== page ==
The MESA Global Academy Connects Displaced Middle East Scholars in a Time of Crisis
The new joint initiative of the CUNY Graduate Center and the Middle East Studies Association, supported by Carnegie Corporation, offers an intellectual home for scholars from the Middle East and North Africa.
By Mimi Kirk
The Middle East studies community is experiencing a rupture on both sides of the Atlantic. For scholars in the Middle East and North Africa (MENA) region, the challenges of war, authoritarianism, and human rights abuses have disrupted career paths. For scholars and students based in North America, opportunities to travel to some areas for field and archival research have become untenable and ties to academic communities are imperiled. These circumstances have given rise to an innovative initiative to rethink academic solidarity and scholar mobility in a time of crisis: the MESA Global Academy, in partnership with the CUNY Graduate Center.
A number of vital organizations, including the Scholar Rescue Fund and the Scholars at Risk network and, more recently, the New University in Exile Consortium, secure positions for displaced academics at North American universities. Essential as they are, these placements are often only the beginning of a journey to rebuild a disrupted academic career. Scholars often struggle with isolation and the aftereffects of trauma even after they arrive at host institutions. These difficulties are compounded by the challenges of short-term, precarious employment in a non-native language and in an intellectual community not yet familiar with their work.
This is where the MESA Global Academy comes in. With generous funding from Carnegie Corporation of New York, CUNY has joined forces with the Middle East Studies Association (MESA) — the largest international network of scholars specialized in the study of the region— to launch the Global Academy to integrate displaced scholars in the intellectual communities that comprise the field of Middle East studies in North America. The goal is to enable participating scholars to rebuild their professional networks and reconfigure their academic trajectories toward sustainable, permanent careers in a new context.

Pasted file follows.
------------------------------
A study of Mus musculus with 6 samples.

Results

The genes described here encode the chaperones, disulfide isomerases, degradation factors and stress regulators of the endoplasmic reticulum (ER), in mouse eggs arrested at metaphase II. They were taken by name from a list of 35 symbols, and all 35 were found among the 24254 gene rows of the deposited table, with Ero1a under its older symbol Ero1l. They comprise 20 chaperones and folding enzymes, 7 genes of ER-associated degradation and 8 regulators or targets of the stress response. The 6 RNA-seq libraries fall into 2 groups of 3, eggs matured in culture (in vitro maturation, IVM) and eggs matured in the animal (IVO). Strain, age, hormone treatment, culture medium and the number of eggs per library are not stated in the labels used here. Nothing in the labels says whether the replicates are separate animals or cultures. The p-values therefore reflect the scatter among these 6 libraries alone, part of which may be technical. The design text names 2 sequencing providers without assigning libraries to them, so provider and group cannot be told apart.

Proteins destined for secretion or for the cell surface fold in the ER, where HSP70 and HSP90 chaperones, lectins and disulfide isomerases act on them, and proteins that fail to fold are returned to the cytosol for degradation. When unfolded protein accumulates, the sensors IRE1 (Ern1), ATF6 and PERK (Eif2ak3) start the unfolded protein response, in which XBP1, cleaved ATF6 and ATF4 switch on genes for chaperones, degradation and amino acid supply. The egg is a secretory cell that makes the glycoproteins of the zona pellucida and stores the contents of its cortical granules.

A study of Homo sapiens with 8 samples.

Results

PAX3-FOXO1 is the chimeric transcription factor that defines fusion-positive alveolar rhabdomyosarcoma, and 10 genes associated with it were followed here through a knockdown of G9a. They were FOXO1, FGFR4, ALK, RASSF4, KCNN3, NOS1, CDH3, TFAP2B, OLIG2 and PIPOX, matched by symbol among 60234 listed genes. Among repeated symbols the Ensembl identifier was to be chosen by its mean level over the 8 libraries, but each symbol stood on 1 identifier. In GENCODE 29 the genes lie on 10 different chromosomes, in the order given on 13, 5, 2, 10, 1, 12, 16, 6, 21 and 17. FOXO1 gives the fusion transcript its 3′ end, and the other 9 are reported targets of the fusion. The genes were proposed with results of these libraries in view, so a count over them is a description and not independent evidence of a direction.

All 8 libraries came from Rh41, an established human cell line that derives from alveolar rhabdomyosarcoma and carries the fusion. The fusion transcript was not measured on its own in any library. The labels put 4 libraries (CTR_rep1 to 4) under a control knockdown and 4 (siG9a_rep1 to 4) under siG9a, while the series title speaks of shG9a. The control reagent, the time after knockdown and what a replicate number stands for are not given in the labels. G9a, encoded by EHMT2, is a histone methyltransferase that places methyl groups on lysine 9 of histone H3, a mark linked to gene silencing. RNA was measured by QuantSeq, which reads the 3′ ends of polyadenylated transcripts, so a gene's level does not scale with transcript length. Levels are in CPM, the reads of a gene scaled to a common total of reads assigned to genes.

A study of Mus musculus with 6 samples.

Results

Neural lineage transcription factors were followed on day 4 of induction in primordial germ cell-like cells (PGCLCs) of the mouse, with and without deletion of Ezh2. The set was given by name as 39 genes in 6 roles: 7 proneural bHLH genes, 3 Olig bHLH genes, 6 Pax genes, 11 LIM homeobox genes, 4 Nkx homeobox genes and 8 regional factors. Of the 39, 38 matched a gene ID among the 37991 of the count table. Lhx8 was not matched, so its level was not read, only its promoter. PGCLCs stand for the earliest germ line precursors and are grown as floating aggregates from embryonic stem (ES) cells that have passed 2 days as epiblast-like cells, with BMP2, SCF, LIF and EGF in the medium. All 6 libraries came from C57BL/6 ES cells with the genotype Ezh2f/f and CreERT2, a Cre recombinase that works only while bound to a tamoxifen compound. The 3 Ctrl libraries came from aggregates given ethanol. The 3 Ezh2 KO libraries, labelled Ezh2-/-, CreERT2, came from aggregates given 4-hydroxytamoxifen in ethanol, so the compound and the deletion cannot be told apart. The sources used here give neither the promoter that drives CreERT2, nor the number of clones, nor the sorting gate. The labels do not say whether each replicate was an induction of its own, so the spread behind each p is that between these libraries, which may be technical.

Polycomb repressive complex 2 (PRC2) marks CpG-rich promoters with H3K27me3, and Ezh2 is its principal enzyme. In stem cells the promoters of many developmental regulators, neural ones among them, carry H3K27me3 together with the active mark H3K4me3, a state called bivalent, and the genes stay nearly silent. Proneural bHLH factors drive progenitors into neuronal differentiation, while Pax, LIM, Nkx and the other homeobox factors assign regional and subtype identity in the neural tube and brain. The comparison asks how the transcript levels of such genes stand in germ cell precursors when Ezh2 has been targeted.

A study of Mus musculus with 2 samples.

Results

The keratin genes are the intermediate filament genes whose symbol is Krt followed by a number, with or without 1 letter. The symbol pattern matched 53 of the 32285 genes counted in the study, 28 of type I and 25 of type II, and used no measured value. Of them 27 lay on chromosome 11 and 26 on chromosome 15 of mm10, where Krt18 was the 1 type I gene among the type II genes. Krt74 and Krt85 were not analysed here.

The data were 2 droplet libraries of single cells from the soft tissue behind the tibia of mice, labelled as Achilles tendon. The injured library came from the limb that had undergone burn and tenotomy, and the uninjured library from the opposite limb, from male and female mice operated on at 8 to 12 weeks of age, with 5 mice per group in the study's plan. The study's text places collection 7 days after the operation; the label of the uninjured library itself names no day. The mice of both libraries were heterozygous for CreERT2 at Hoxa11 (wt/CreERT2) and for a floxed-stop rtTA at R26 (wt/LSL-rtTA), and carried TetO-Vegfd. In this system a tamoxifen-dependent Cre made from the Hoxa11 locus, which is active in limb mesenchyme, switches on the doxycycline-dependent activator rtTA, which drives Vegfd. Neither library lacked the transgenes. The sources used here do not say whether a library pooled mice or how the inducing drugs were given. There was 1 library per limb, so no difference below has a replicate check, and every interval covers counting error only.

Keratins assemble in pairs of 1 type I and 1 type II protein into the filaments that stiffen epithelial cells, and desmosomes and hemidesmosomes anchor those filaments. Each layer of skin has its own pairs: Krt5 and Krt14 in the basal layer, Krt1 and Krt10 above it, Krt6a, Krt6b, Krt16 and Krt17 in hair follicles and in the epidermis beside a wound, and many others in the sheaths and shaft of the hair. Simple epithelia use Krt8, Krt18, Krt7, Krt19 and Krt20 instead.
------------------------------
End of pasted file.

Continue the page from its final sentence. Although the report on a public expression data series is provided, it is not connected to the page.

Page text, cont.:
Global Academy scholarships are highly competitive, as they recognize excellence in the research and publication records of academics who happen to be displaced. Once selected, the scholars join interdisciplinary collaborations in the social sciences and humanities at U.S. universities. Activities include everything from paper workshops to full-fledged conferences, in addition to professional development events and a variety of publication opportunities ranging from scholarly articles in peer-reviewed journals to policy briefs, blog posts, and podcasts. Across these different modalities, Global Academy Scholars engage in knowledge production that enriches the field of Middle East studies.
The project just completed its pilot year, and due to COVID-19 found itself operating virtually. The Global Academy pivoted from initial plans for in-person events and research collaborations to a broad variety of online offerings. While such experiences cannot replicate some of the intangible benefits of in-person exchanges, they gave larger and wider audiences an opportunity to benefit from cutting-edge research presentations while affording the scholars additional research funding given unexpected savings on travel and accommodation. The scholars also took advantage of numerous publication opportunities, producing innovative scholarship that has begun to appear in online venues and in peer-reviewed print publications.
The first cohort of Global Academy Scholars have expressed excitement at the research platform and visibility they gained as well as the sense of having joined new intellectual communities through MESA, CUNY, and other U.S. university partners in the project. "I cannot express how grateful I am for all the academic opportunities, but also for the support and friendship from the [Global Academy] team, which means a lot, especially when you're alone in the host country," one scholar wrote. Said another, "The feeling of being seen and supported, to know that there are people [in our field of study] who are willing and trying to help us, was really nice."
MESA Global Academy's pilot year has reimagined scholar mobility in the midst of political crisis and a global pandemic. The CUNY Graduate Center's continuing support for this pioneering partnership is a testament to what can be achieved even in the most challenging times; sustaining knowledge production and embodying an ethic of academic solidarity yield a powerful and positive experience made possible by our faculty's hard work and engagement.
Mimi Kirk is the program manager for the MESA Global Academy.